Adventures in Yellowstone National Park
Three words I'd use to describe Yellowstone: mysterious, vast, wild. I had no idea just how much there was to experience in this amazing place. It's so much more than just 'where Old Faithful is,' which I'll admit was about the extent of what I knew about Yellowstone.
The beginning of our trip started with some incredibly scenic mountain views as we drove straight towards the Grand Tetons. The first full day we spent hiking and exploring Taggart and Bradley Lakes. Both of which I highly recommend, even over the more well known Jenny Lake. All were beautiful, but Taggart and Bradley both offered more intimate and uncrowded views, along with some stunning mountain scapes along the hike.
After visiting the old barns at Mormon Row, we made our way towards Yellowstone, seeing more and more wildlife right away - including a lone coyote running right along the side of the road and a field of mule deer.
Our first stop in Yellowstone National Park was the Yellowstone Grand Canyon. It was amazing, no doubt, but we quickly came to learn that we enjoyed the just off-the-beaten paths way more than the overly crowded tourist bus stops.
Lamar Valley - not gonna lie, it was not easy with a toddler. It is a lot of driving, but the views are just expansive. And the wildlife did not disappoint. We saw mostly bison (very up close and personal) and elk. The early risers may get a glimpse at the more elusive wolves, moose, and bear. Sammy was proud to catch his very own native Yellowstone cutthroat trout.
Confession: I had an idea that Yellowstone had something to do with an old volcano and that there were geysers and such, but I had just never even thought long enough to contemplate what that meant. The reality is that Yellowstone is on an active super volcano, yes you heard that right. It's the most bizarre and surreal place I've ever seen. There are literally pools of boiling acid water, holes that vent angry smoke into the sky literally all around you, and geysers that randomly spew water into the air. Also, I don't recommend watching any sorts of volcano documentaries while staying in Yellowstone (rookie mistake).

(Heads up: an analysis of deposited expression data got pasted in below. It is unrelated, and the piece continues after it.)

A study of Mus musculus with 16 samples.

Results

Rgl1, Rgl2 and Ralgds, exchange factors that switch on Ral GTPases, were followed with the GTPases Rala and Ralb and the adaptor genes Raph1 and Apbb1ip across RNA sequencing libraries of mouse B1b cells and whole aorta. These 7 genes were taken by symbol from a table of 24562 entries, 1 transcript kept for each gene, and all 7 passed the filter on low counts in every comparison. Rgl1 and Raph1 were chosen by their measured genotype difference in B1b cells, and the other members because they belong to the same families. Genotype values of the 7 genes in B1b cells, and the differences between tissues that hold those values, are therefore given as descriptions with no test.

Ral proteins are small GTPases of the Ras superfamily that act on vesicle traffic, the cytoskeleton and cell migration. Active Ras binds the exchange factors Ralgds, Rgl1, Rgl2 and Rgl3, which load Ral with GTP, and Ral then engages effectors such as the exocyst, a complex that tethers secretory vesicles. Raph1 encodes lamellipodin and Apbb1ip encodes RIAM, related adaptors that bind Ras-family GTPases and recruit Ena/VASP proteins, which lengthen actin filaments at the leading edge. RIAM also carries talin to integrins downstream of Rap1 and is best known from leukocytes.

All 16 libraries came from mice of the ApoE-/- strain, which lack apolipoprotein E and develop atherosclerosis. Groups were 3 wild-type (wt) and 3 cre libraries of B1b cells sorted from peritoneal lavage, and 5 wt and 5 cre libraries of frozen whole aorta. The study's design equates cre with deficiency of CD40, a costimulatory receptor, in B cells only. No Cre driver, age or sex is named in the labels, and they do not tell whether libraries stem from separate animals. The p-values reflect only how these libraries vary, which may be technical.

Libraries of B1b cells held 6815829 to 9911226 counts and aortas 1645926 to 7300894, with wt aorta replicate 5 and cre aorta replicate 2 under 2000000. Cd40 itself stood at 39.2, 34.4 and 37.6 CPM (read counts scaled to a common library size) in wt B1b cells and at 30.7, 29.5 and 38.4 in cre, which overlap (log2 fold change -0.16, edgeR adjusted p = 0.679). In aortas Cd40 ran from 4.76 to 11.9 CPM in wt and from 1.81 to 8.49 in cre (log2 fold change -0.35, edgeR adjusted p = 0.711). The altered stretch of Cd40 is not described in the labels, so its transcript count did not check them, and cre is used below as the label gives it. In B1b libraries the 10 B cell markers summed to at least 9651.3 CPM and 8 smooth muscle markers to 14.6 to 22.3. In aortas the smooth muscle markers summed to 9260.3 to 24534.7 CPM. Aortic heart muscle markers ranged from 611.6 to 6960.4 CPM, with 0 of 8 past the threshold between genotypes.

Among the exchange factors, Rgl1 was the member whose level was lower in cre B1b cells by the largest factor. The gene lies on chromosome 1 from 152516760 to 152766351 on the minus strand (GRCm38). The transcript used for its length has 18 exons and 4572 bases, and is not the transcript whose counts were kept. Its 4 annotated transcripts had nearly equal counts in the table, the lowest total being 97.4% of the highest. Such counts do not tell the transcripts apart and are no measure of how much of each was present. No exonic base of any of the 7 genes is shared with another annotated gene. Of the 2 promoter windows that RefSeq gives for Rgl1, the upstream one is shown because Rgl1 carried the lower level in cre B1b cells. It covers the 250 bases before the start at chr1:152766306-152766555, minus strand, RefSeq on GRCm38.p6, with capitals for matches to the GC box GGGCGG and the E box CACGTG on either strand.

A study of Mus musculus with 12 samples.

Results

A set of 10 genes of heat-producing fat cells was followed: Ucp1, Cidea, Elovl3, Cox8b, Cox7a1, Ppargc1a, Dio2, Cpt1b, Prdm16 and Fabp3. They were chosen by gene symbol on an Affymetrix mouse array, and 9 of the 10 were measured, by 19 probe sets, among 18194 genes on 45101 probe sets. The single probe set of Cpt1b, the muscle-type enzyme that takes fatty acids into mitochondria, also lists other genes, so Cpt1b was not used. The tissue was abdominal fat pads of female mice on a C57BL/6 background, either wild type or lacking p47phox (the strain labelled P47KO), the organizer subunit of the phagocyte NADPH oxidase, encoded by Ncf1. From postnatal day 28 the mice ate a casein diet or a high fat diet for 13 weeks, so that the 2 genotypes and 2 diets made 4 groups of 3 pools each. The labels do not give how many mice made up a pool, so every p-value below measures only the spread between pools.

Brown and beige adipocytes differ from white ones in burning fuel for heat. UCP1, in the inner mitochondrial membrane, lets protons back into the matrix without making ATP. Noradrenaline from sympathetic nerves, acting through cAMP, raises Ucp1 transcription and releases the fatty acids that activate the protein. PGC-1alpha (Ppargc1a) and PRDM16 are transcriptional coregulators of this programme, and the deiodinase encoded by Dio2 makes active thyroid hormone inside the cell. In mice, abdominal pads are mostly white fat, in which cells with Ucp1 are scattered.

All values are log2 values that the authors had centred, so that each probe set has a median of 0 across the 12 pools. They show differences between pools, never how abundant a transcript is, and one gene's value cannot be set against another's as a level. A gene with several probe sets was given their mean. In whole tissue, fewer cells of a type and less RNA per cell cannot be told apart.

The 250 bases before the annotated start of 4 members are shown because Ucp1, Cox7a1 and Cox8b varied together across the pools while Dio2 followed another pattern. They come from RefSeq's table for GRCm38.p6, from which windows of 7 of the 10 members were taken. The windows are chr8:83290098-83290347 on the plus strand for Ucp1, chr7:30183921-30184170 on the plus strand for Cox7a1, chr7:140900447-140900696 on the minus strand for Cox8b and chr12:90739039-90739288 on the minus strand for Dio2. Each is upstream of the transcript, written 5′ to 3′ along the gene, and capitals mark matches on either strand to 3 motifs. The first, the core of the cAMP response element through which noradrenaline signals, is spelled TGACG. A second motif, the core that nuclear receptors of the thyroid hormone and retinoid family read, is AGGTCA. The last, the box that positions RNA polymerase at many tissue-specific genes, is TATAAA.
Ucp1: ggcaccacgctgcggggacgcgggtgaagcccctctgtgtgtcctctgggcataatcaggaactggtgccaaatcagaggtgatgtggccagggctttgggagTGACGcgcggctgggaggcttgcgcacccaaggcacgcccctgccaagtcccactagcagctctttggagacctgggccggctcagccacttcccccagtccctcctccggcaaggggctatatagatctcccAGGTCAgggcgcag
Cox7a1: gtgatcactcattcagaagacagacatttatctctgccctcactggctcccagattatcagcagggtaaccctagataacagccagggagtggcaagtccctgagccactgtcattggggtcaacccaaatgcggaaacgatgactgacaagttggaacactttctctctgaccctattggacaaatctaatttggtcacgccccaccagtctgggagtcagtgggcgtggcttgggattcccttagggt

If I had to choose a fourth word to describe Yellowstone, it would be 'bison'. We saw sooo many bison, including a very long traffic jam filled with them. They have the right of way and they are usually not in a hurry to get going. The following series are from a magical little hike called Storm Point Hike. We trekked through lines of neatly formed lodge pole pines until the view finally opened up to the coast of Yellowstone Lake (which is so big that it looks like you're on the ocean shore). We had to detour our path a bit because there were three bison grazing right along the path. Also, there had been a momma grizzly bear seen passing through just the day before, so I wasn't exactly as relaxed as one might normally be in such surroundings. Nonetheless, it was one of our favorites.
Nearing the end of our trip we took some time to explore more of the other worldly geothermal features. We also discovered the cutest (and most family friendly) of all hikes in Yellowstone - the hike to the Lone Star Geyser. It follows an old forest service road (thank you Bob stroller) to a private viewing of the Geyser which erupts every 3 hours. Awesome. Even saw a rainbow!
To make our way back down to Jackson, we decided to drive a different route through the state of Idaho. It was fun to see an another entirely different set of scenery, with wide open plain lands and potato fields. Just before making our way back to the airport, we decided to visit the sight where Ansel Adams took his famous photo of the Snake River. Unfortunately, the trees have grown so much over the years that the river is almost completely hidden, but it was an amazing sight nonetheless.
Just an incredible trip all around. We cannot wait to return. Thanks so much for taking a look at our photos!